A ‘Little House’ of a Laundromat (Conclusion)




Howard Scott |

Nifty touches adorn homey premises

MARSHFIELD, Mass. — Sometimes, cute works.

There is a wooden clapboard house on the road heading to the beaches of Marshfield and Duxbury, Mass. If it weren’t for the self-standing sign out front, and the old-fashioned barrel washing machine sitting on the ground, one might think it’s just another summer place by the seashore.

But it’s Jack’s Scrubboard Laundromat, now in its 28th year.

John Killion has run the business for 15 years. His father, Jack, started it in 1988. When Jack wanted to retire to Florida, the two made a deal. Jack owned the building, so John would pay rent to him. It’s worked, as last year was John Killion’s best, he says.

The homey look is intentional.

“I never liked the industrial look of typical Laundromats in malls,” Killion says. “This feels like home.”

Along a busy road, his business attracts a lot of patrons. The shop is open from 7 in the morning to 9 at night seven days a week. Killion lives in the upstairs apartment. Fortunately, he is Johnny-on-the-spot. Unfortunately, he sometimes gets knocks on the door during his off-hours.

“It’s all part of doing business,” he shrugs.

To service his clientele, Scrubboard has a dozen 10-pound washers (“singles”), a half-dozen 18-pounders (“doubles”) and five 45-pounders (“triples”). A bank of 18 dryers aligns on one wall. An extractor is available to service his customers with comforters, dungarees, and garments that really need to be spun out. “It costs 75 cents (to use),” he says, “and customers really appreciate that I have the machine, because not too many Laundromats own one.”

The biggest portion of Scrubboard’s trade—about two-thirds of it—is wash-dry-fold service (WDF). Many customers bring in clothes and pick up a few days later. Also, Killion maintains a WDF route that services 50 customers.

Killion employs three part-time helpers who attend to the customers and process most of the WDF work; they each work about 20 hours a week. The staffers live nearby, are hard workers, and appreciate the hours, he says. But much of the work falls on Killion. His typical workweek is 60 or 70 hours, depending on the season.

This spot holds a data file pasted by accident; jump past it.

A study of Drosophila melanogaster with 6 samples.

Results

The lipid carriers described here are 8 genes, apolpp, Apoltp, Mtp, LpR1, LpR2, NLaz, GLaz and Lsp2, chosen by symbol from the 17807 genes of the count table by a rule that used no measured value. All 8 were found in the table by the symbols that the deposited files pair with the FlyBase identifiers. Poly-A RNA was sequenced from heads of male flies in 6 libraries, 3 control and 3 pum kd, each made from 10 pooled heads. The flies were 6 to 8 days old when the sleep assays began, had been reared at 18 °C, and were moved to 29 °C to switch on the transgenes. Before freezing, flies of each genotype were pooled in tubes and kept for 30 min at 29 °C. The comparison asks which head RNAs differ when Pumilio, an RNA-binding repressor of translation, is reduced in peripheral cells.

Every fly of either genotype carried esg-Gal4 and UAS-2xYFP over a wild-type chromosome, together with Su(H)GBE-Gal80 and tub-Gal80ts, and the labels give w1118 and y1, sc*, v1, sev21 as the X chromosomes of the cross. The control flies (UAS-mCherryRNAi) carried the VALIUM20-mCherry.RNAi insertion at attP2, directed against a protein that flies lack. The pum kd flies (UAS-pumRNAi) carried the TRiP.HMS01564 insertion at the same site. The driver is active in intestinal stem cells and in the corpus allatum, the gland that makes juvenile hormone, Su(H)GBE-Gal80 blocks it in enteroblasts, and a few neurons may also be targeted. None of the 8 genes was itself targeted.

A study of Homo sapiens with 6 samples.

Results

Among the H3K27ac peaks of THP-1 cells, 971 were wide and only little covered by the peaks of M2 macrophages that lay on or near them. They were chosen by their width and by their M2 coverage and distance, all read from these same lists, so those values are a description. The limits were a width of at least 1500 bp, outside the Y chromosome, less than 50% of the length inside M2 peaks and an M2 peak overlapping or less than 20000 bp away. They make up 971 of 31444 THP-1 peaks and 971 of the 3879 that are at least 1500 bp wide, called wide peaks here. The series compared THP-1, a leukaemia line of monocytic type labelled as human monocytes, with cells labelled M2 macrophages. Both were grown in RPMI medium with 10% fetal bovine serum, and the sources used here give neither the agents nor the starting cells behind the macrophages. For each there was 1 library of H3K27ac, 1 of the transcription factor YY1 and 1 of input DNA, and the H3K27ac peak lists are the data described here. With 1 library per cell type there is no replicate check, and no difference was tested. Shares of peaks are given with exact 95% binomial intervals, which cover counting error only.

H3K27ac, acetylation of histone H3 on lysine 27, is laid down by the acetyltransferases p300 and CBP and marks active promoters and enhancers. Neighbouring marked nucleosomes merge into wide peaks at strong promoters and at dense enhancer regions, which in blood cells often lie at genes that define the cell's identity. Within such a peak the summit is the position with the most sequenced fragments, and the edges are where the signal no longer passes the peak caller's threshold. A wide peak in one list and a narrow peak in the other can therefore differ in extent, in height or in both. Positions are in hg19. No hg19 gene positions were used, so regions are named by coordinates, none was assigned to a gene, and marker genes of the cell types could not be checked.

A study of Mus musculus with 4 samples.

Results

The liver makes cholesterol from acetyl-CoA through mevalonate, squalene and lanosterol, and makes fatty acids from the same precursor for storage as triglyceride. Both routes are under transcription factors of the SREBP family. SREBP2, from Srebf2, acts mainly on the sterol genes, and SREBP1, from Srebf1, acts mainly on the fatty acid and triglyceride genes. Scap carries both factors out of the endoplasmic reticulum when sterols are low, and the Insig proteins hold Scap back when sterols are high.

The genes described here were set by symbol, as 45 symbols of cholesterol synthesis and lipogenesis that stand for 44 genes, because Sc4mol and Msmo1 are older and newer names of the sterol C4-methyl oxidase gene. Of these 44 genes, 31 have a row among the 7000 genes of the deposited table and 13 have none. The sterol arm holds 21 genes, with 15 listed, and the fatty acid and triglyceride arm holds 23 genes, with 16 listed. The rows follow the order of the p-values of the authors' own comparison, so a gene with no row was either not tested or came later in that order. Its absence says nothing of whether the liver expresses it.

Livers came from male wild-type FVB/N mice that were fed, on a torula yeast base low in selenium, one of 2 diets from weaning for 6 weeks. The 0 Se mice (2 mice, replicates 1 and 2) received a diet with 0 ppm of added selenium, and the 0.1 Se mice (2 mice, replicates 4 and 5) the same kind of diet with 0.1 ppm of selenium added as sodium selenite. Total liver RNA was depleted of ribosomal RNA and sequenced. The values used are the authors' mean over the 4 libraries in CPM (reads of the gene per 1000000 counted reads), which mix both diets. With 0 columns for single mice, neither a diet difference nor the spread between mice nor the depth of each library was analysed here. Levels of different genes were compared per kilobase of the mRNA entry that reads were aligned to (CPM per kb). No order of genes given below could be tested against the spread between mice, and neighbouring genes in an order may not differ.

Within the last 10 years, Killion has replaced every machine. They had been there from the beginning and were breaking down all the time, he says. This required a $54,000 investment, not an insignificant sum. But Killion will pay off the loan in a few years and be free and clear.

“The new machines are tight as a whistle,” he says. “My utility costs have dropped.”

That’s good, because over the years, Killion has learned to fix all machines, and does most of the maintenance. Only rarely has he had to call a mechanic. With new equipment, he doesn’t have to spend much time on repairs.

Speaking of utility costs, Scrubboard’s monthly gas bill is now running about $800-$900 a month, Killion says. This is a lot lower than when energy costs were sky-high a few years ago.

For water, Killion uses his own well. The town bills him for sewage, so his water bill is not excessive, no more than a few thousand dollars a year. Finally, electricity is running about $800 a month. That’s a manageable utilities expense.

Scrubboard’s prices are in the upper-middle for the area, based on comparisons. A “single” washer runs $2.75, a “double” $3.75 and a “triple” $5. The dryers run 5 minutes for a quarter.

“It used to be 10 minutes for a quarter, but increasing utility costs have forced me to cut the price,” Killion says. “I have very little price complaint from customers, and we feel our prices are fair.”

It helps that there is only one area competitor, whom Killion says has older equipment and high-tide flooding problems.

A few nifty touches adorn the premises. Scrubboard sets out a half-dozen paper cups on each machine for detergent. An active bulletin board sits at the front of the store, allowing customers to browse. A bank of seats in the front encourages customers to relax while waiting for their laundry to finish. A television sits on top of the washers. Washboards given by customers hang on the walls.

“Everyone loves (our) name because it reminds them of the old days,” Killion says. “When a customer offers to give me a washboard now, I refuse. I simply have no more space to hang them.”

All these touches help give Scrubboard a homey feel, exactly what management has in mind.

Killion talks about buying another Laundromat. Hopefully, he’ll give it the same cozy look and feel.

Miss Part 1? You can read it by clicking HERE.

About the author

Howard Scott

Industry Writer and Drycleaning Consultant

Howard Scott is a former business owner, longtime industry writer and drycleaning consultant. He welcomes questions and comments and can be reached by writing Howard Scott, Dancing Hill, Pembroke, MA 02359; by calling 781-293-9027; or via e-mail at [email protected].